Entertainment services provider Netflix received some unexpected publicity this week, courtesy of a group of angry US Christians and a case of mistaken identity…

You may have noticed a new TV show called Good Omens being heavily promoted over recent weeks. Nothing unusual there – it boasts a genuinely all-star cast and is based on a novel by two of the UK’s most beloved authors, the late Terry Pratchett and Neil Gaiman.

The show centres around the impending apocalypse and the efforts of an angel and a demon to prevent it and save the world and, since launching at the end of May, it has gained overwhelmingly positive reviews from most quarters.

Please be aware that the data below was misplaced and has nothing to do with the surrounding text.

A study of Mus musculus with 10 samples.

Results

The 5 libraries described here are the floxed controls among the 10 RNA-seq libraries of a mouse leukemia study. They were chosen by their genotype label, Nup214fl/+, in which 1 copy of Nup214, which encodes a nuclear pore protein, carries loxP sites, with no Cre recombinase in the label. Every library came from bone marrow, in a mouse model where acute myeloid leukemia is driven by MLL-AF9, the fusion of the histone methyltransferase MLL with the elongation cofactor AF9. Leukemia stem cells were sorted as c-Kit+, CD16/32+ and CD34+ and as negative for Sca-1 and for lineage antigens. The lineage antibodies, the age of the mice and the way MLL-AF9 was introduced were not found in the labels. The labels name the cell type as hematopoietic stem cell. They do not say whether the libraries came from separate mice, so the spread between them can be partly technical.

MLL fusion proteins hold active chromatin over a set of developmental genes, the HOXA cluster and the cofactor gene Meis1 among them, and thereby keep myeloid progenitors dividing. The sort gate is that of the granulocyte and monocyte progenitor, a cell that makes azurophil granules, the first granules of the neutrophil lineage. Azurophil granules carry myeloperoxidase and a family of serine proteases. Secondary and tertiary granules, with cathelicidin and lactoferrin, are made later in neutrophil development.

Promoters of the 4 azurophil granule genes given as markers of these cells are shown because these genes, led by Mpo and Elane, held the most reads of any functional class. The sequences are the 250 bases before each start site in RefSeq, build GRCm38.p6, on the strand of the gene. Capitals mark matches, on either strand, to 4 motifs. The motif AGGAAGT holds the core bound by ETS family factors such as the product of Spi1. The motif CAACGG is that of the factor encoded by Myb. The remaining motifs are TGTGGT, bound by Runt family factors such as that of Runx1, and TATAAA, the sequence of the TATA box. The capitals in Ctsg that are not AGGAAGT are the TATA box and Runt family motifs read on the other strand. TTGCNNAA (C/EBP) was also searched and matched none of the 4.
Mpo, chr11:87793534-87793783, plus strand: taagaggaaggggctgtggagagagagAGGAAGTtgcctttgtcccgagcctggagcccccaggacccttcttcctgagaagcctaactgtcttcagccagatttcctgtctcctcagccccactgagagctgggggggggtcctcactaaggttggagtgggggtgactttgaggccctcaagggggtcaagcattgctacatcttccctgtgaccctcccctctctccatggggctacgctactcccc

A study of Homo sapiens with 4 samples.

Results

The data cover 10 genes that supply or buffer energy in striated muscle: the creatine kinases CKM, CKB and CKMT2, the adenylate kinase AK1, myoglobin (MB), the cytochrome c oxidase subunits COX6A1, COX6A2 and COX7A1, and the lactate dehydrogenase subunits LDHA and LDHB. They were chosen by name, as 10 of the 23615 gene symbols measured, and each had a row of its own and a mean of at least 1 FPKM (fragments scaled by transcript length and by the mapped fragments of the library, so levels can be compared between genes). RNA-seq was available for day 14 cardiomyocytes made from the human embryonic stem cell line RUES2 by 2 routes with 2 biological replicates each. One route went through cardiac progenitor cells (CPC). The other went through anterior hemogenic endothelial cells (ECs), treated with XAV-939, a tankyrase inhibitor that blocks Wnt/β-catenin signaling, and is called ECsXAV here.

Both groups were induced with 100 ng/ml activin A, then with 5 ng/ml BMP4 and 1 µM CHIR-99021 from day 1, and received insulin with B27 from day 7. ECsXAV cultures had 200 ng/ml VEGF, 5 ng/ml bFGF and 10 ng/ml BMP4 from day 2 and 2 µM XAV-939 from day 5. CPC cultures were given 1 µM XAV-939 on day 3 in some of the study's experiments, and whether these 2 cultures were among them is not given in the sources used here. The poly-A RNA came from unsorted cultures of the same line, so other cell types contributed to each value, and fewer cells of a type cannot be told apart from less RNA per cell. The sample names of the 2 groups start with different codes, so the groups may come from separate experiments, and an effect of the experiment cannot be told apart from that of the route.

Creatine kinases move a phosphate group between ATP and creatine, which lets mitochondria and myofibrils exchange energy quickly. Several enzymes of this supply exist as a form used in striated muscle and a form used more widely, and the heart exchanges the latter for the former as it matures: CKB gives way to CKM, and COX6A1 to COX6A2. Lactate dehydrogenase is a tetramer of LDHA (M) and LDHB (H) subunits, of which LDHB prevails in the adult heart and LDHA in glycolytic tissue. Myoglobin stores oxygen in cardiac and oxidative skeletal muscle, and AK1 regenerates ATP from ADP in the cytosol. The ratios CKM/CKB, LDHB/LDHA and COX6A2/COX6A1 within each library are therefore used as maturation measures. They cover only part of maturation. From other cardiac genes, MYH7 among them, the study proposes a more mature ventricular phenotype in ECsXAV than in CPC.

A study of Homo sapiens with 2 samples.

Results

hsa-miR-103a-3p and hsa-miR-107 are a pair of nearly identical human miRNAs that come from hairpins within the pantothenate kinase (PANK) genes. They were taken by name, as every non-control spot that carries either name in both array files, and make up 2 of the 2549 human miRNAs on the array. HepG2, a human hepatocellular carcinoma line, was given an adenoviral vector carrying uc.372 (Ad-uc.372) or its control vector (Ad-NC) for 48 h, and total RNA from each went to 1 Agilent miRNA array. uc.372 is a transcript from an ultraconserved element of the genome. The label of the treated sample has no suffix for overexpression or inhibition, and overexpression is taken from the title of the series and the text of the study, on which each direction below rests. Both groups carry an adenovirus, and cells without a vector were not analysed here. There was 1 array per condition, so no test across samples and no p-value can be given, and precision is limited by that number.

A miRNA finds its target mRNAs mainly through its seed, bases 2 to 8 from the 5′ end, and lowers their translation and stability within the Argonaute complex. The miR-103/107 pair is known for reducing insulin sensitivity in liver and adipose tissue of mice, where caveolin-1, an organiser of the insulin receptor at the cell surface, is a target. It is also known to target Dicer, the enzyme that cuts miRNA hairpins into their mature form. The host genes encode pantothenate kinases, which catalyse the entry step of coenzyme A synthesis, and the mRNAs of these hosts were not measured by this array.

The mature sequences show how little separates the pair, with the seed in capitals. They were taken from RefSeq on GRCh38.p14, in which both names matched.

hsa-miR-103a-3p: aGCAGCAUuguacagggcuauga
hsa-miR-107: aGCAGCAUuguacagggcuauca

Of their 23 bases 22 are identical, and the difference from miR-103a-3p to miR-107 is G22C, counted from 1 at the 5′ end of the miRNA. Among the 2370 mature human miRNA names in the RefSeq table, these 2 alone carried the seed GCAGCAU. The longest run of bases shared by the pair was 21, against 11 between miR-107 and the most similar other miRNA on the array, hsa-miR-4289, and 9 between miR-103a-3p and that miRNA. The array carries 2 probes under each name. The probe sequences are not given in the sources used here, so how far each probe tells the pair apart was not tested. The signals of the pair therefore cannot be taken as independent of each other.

As we all know, however, you can’t please everyone all the time and, sure enough, one group appears to be considerably less fond of it than everyone else, particularly its interpretation of certain biblical themes. Step forward the US Foundation for a Christian Civilisation, a religious group which is so unimpressed with it that more than 20,000 of its members have signed a petition to have it cancelled, claiming the Netflix show ‘mocks God’s wisdom’ and that its creators are ‘destroy(ing) the barriers of horror we still have for evil’.

Unfortunately for them, Netflix has nothing to do with the show; it was created by and is available exclusively through rival streaming service Amazon Prime.

Not ones to miss a trick, both companies were quick to capitalise on the extra attention, with Netflix’s Twitter account gleefully posting: “Ok we promise not to make any more!”, to which Amazon Prime replied: “Hey @netflix, we’ll cancel Stranger Things if you cancel Good Omens!”